WebMD Health News

Dec. 1, 1999 (Atlanta) -- Fear of childbirth is leading more women to request cesarean sections, according to a study in the November issue of the journal Obstetrics and Gynecology. Doctors say that a woman's history of emergency C-section or vacuum extraction is the primary cause of such fear.

The study was conducted in a university hospital and included 300 women preparing for their second delivery, 100 of whom had undergone emergency procedures during their first deliveries. Participants who requested a C-section because of fear were compared with participants who reported no such fear, using the medical records from their first delivery.

The two groups were similar in prenatal education attendance, presence of a partner, start of pain management, use of additional pain control measures, incidence of incisions made in the vaginal area to help deliver the baby, age of the fetus at birth, and outcomes after delivery. The difference between the groups was largely a function of complications.

Women who were fearful of delivery had significantly more emergency C-sections and vacuum extractions during their first deliveries. Those that had a successful vaginal delivery (using the vacuum extraction) had significantly longer labor and incidence of complications such as placental retention (where a part or the entire placenta is left in uterus after labor) and vaginal or rectal tearing. Interviews revealed that 44% feared delivery as a whole, 19% feared tearing, 15% feared pain, and 12% feared fetal distress.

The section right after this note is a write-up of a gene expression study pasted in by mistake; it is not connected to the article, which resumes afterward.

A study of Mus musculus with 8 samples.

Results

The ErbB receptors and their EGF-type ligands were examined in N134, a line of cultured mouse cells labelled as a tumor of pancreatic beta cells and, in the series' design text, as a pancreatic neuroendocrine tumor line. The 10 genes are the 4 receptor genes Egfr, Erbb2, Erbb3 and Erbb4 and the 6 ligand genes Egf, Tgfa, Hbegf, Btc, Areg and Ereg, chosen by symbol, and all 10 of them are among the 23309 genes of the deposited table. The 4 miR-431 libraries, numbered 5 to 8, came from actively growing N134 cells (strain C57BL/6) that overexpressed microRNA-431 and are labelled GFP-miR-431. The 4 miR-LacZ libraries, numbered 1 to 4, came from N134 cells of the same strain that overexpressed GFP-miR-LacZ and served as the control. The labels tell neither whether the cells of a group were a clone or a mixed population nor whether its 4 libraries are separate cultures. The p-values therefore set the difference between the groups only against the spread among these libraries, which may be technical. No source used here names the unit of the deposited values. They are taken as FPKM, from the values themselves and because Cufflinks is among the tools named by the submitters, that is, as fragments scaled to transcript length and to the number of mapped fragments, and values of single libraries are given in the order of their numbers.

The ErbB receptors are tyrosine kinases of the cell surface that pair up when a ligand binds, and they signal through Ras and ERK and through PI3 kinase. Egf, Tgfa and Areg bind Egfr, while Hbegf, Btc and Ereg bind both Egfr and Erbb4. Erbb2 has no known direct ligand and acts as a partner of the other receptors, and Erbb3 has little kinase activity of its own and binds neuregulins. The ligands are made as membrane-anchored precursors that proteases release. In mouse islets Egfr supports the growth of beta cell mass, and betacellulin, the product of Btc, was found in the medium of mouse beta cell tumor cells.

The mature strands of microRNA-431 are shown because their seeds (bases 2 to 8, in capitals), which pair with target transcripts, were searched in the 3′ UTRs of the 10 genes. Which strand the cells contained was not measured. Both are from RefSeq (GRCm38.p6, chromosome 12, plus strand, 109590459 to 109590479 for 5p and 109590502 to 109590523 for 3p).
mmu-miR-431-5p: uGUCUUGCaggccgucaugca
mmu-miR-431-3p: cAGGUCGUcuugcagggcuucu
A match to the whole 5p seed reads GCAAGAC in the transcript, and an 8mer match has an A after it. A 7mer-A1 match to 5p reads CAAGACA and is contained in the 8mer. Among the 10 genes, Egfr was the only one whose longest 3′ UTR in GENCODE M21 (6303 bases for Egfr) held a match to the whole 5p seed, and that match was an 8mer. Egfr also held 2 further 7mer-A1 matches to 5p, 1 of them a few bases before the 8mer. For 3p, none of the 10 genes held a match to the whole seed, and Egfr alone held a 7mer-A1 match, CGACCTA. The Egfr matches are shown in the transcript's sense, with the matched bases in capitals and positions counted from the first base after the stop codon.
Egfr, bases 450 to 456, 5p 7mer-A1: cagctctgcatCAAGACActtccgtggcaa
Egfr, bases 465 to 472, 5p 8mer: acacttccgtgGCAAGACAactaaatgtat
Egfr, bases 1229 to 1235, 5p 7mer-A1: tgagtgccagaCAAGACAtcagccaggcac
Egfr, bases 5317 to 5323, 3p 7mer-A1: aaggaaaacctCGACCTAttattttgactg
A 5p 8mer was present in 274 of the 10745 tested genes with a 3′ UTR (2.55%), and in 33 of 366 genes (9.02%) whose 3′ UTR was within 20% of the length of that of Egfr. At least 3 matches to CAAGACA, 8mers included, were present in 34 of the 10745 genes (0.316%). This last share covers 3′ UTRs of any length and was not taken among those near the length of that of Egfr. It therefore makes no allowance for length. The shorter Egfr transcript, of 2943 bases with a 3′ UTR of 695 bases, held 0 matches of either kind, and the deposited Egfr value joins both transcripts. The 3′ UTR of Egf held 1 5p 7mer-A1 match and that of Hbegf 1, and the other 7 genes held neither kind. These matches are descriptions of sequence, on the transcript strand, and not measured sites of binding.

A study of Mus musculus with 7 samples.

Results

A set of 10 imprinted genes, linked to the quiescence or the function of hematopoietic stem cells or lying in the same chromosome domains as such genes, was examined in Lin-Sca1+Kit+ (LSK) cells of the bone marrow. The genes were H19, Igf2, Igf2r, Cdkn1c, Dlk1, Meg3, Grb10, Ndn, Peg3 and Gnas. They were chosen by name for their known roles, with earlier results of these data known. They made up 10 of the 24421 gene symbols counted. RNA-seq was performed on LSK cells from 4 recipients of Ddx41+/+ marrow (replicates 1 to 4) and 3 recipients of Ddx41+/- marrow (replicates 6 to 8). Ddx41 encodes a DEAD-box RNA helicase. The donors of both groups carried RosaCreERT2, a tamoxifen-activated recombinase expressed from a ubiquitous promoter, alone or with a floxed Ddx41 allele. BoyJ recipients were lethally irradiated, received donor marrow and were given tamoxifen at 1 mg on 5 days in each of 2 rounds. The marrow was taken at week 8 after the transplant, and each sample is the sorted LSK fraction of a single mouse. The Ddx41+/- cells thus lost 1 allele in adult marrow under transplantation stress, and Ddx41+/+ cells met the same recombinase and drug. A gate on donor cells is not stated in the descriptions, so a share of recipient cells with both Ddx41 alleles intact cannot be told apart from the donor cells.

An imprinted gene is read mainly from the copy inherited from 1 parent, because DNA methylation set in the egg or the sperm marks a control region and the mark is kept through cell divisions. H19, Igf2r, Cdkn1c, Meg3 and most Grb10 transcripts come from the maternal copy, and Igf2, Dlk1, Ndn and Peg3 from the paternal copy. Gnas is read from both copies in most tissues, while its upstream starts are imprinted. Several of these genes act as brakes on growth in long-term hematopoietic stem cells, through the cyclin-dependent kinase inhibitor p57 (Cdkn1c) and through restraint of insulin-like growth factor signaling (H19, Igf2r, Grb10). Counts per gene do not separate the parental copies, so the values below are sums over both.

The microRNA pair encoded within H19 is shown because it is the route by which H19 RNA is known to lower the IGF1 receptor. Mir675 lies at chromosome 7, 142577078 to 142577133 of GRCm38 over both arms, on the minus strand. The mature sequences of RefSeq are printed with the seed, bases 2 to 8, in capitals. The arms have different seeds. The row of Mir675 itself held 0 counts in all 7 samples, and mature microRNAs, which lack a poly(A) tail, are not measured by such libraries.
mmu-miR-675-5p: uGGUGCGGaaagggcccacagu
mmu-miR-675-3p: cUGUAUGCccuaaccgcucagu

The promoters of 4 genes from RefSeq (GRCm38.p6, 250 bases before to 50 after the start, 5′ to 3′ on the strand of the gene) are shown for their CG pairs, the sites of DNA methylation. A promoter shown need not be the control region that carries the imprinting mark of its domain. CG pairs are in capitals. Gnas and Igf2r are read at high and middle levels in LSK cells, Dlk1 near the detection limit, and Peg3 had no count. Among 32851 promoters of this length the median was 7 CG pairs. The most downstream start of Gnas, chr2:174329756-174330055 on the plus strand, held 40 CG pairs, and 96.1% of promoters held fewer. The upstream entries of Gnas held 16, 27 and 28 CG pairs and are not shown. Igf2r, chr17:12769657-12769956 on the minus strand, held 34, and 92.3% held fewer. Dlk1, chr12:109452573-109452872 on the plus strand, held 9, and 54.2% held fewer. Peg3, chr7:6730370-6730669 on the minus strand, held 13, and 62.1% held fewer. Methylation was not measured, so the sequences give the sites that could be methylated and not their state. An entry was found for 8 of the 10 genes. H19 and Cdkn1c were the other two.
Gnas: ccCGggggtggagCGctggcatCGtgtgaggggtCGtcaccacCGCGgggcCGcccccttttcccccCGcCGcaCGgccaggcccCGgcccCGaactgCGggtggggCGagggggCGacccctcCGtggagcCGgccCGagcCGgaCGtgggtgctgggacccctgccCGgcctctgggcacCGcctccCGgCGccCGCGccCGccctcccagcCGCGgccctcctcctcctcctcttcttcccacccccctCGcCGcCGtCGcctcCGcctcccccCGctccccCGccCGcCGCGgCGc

The chief investigator, Terhi Saisto, MD, PhD, an obstetrician and gynecologist with the Helsinki University Central Hospital in Finland, tells WebMD that "women who experience an operative delivery [C-section] may suffer from anxiety comparable to post-traumatic stress disorder. They should seek the counsel of their doctor or midwife several months later to avoid fear of delivery in the future. It's critical that caregivers emphasize that subsequent children can be delivered vaginally."

Saisto says that such counseling and education may help reduce the increasing number of women requesting cesarean sections due to fear. "C-sections should be performed only when it's safer than vaginal delivery for mother or baby. This is because the rates of morbidity and mortality are several times higher. Fear of delivery is probably preventable through education and improvement in the labor process."

Pain control is one aspect of labor management that can be improved, says Saisto. "More liberal use of [a] patient-controlled epidural ... might help because pain is subjective and staff are not always able to assess pain reliably."

But patient-controlled pain relief for labor pain has been found to have limited utility, according to William Rayburn, MD, professor and chairman of obstetrics and gynecology at the University of New Mexico in Albuquerque. "Often the contractions are over by the time the controlled dose is administered. It seems to frustrate patients more than anything else. The best way to decrease requests for sections due to fear is to earn the patient's trust and act accordingly."

Vital Information:

  • A fear of childbirth is causing more women to request cesarean section, and the primary cause of that fear is a previous C-section or vacuum extraction.
  • Researchers suggest that counseling and education, especially following C-section, may help reduce the number of C-section requests for future deliveries.
  • Better pain control during labor may be another way to help women feel more comfortable with vaginal delivery.